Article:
An individual with curly hair, wearing a colorful striped cardigan, is focused on working on a laptop at a modern kitchen island. Beside the laptop lies a notebook, suggesting a work or study session. A blue mug sits to the right, adding a cozy touch to the setting. The kitchen is bathed in natural light, featuring dark cabinets, stainless steel appliances, and decorative items like jars and plants. An apple rests atop what seems to be placemats or napkins near the mug, completing the serene work-from-home atmosphere.

If you’re an employer struggling to hire new workers, you’re not alone. Perhaps you’ve been looking for a while without getting any hits, and now it’s eating your company morale or weighing responsibilities on other employees. The good news is there are solutions to get more applicants for your job openings. It may require starting your search from scratch, but with the proper updates you can begin attracting more applicants. 

Aerotek routinely helps companies improve their hiring strategies to expand their search and attract quality workers. We’ve picked up a few tactics that have proven to be effective for employers struggling to increase their workforce. Here are some reasons why you may be failing to attract applicants.  


1. Not Providing Pay Information

You’ve likely noticed that many job posting come with precise or approximated pay details. This wasn’t’ always the case, but providing an idea of how much a job pays has become common.  

Make sure you include this information if you want to stand out from the rest of the crowd. Job seekers are becoming accustomed to seeing a potential pay range for the opening in the job description. Just putting the pay/salary in the job listing is often enough to get a seeker’s attention — omitting it can be criteria for them scrolling past. While employers may need to provide a pay range for some jobs, there are benefits to keeping the pay information to a single figure. When providing a range, most candidates will seek the top of that pay range. If they cannot attain that top pay, they may abandon the hiring process. Conversely, providing only the low end of the pay range could limit the number of applicants you receive.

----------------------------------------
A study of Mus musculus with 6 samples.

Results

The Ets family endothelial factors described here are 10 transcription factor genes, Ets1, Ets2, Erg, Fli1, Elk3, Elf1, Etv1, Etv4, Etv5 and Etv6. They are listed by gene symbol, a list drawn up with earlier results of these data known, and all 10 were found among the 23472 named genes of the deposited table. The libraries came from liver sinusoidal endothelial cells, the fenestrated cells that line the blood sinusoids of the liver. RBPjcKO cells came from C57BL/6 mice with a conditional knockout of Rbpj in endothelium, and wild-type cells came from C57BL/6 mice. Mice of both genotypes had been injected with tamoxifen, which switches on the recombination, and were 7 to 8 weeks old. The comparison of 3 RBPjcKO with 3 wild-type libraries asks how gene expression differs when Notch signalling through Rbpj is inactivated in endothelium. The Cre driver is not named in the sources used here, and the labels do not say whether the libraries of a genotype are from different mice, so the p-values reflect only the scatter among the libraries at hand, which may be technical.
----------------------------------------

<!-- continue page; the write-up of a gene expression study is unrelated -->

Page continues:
2. Poor Job Description 

Many employers get a little lazy when it comes to writing a job description. While it’s reasonable to assume that if you list and describe a job as a “warehouse worker,” a job seeker might know what you’re talking about. But that’s not always the case, especially with a job like a “machine operator.” When using an umbrella term that can have multiple meanings, depending on the job or company, its best to be specific. A confused job seeker might ask for more information, but they can also focus on other opportunities. 

Avoid any confusion and tell your potential job candidates exactly what the job is. Specify exactly what work they’ll be doing, who they’ll be reporting to, and what they’ll be working on. Answer as many questions in advance to really get the seeker’s attention. 

3. General Lack of Information 

Think of the last time you shopped for something online — a car, a new coffee machine, or even looked at a Zillow listing. What listings do you often scroll through without a second thought? Answer: The ones without any pictures and the ones with the least amount of information. 

Job listings are no different. Jobs can have a big impact on someone’s life — they may move, go to school, or adapt to a different schedule — and a job seeker won’t make a move without knowing as much as they can. Don’t be lazy with the job description, it’s your calling card to your future employees. Make sure to include as much information about the on-the-job requirements, benefits, schedule and other commitments. If space allows, be sure to highlight any unique aspects of your company culture that may make the opportunity more appealing. Do you provide upskilling opportunities or on-the-job training? Put it in the description to help you stand out from the other employers.  

There are more reasons why a job seeker may not apply to your position. Many are looking for a job that matches their skills, goals and desired pay. If your opening doesn’t check all three boxes, they may keep look. Application fatigue is also a factor when attracting candidates. According to our Fall Job Seeker Survey, over 33 percent of job seekers expect to apply to at least 25 jobs before being hired.  By focusing on presenting the information job seekers want to see in the job description, employers can improve the odds that the right person applies and gets hired in a timely manner. 

When you’re ready to discuss improving your hiring strategy, contact us.